Virginia is on track to winning the looney state title away from Oklahoma. Here is the text of a bill that passed the Virginia House of Delegates by a 60-34 vote on Tuesday:
HOUSE BILL NO. 1981
AMENDMENT IN THE NATURE OF A SUBSTITUTE
(Proposed by the House Committee for Courts of Justice on February 4, 2005)
(Patron Prior to Substitute--Delegate Howell, A.T.)
A BILL to amend the Code of Virginia by adding a section numbered 18.2-387.1, relating to indecent display of below-waist undergarments.
Be it enacted by the General Assembly of Virginia:
1. That the Code of Virginia is amended by adding a section numbered 18.2-387.1 as follows:
§ 18.2-387.1. Indecent display of underwear.
Any person who, while in a public place, intentionally wears and displays his below-waist undergarments, intended to cover a person's intimate parts, in a lewd or indecent manner, shall be subject to a civil penalty of no more than $50. "Intimate parts" has the same meaning as in § 18.2-67.10.
(Thank-you to the Roanoke Times for the bill's text).
Also known as the "Droopy Drawers Bill", its purported intent is to stop (mostly) teenage boys from "sagging", and (mostly) teenage girls from displaying the tops pf their thong underwear above the waistbands of low-rider/hiphugger pants.
Let's see... where to begin...
Vagueness? How does one go about displaying one's below-waist undergarments in a lewd or indecent manner? Is it enough that one intentionally wears and displays the undergarment? Or must the wearing and displaying be intentionally lewd or indecent? What is indecent? How is it lewd?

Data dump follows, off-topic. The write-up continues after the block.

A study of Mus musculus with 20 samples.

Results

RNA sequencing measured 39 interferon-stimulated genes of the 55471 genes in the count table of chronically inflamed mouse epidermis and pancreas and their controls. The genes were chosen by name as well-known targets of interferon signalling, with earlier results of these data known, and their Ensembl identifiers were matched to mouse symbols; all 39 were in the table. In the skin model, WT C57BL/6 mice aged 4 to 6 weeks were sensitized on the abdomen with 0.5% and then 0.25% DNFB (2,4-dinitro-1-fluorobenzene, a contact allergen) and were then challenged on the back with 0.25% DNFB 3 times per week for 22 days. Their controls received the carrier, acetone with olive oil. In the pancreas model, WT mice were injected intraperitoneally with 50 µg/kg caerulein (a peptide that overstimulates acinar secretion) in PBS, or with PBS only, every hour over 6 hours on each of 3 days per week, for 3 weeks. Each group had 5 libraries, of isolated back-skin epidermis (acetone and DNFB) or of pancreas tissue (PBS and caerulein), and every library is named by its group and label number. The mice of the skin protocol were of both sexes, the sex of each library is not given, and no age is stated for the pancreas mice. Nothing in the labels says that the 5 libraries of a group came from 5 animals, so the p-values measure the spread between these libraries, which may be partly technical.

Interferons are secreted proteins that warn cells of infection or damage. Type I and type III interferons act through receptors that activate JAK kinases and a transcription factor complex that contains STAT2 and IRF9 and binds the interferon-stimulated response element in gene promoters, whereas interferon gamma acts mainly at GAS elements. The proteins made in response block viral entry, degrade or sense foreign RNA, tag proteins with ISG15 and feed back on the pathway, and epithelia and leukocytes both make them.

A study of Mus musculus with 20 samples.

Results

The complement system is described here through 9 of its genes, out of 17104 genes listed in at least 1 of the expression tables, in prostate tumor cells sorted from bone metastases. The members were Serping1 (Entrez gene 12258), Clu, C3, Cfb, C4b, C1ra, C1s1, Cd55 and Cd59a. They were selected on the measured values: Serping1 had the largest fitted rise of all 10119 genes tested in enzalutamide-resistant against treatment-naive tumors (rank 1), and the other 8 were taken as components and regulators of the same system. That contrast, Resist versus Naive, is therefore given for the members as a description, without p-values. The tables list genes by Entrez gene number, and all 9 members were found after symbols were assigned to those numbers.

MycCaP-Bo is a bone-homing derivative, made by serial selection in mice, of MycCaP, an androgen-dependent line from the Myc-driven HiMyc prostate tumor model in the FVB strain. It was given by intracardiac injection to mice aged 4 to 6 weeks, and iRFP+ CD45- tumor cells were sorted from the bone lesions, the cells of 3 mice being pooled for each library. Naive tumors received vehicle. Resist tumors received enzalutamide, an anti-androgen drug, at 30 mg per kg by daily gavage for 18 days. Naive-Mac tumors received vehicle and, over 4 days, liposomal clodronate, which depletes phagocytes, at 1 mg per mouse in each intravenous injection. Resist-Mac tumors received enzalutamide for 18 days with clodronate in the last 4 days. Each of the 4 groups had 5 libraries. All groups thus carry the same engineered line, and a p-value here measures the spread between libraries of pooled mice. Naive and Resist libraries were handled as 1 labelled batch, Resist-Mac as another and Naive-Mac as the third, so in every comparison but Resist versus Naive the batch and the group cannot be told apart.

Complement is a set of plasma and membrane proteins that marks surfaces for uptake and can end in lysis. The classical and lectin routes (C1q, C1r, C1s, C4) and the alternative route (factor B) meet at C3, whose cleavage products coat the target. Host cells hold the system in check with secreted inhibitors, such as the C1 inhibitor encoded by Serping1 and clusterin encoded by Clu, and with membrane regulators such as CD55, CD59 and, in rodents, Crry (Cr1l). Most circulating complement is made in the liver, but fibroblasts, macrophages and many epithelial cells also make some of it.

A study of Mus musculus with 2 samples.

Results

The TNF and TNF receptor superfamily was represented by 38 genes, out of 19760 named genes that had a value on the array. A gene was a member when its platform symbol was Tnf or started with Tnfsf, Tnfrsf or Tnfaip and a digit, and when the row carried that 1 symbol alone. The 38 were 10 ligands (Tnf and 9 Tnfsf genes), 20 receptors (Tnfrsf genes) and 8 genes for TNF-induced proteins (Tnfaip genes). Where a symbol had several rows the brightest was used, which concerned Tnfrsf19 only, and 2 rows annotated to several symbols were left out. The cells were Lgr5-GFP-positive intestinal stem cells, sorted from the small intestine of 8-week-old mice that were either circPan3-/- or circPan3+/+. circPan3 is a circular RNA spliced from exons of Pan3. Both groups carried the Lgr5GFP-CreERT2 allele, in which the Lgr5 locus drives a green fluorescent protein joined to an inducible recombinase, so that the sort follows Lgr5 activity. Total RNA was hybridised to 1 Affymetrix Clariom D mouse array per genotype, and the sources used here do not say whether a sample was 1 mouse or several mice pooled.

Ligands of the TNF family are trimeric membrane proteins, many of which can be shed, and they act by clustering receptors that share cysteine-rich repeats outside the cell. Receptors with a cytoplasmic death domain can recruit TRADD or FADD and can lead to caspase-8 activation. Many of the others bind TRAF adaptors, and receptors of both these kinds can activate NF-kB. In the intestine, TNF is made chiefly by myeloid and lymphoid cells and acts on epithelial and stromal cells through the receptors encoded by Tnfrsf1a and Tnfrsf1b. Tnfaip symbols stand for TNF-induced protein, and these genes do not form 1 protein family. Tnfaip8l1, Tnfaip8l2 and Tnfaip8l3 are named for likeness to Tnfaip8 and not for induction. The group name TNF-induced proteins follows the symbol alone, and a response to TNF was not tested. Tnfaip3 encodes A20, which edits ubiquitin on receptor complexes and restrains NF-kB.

Arbitrary and capricious? One is permitted to display her or his above-waist undergarments, regardless of whether the display is lewd or indecent. Bra-ha-ha!!! The proposed statute would not penalize wearing two pairs of "regular" pants and sagging only the outer pair-- which would give the same visual effect to the observer, but would escape the underwear stipulation.
Of course, the obvious way for kids to evade the law would be to sag to the lowest limit of the law, but do so while underwear-free. Would that lead to a reduction in sales of underwear? Would Virginia or teenagers get the credit/blame for undermining the undergarment industry, as did Clark Gable after 1934?
Funny anecdote: When I started law school in 1997, one of the brightest 1Ls was a young man from Arkansas who looked and acted just exactly like a stereotypical grind (pale, slightly soft, very intense), except that that his personal sartorial style included wearing ball-caps brim-backward and sagging his pants. Kind of "Fayetteville ghetto". He graduated as one of the top 10 in our class, and last I heard he was working in a white-shoe law firm doing corporate stuff.
Just the kind of riff-raff Virginia would nail with this law.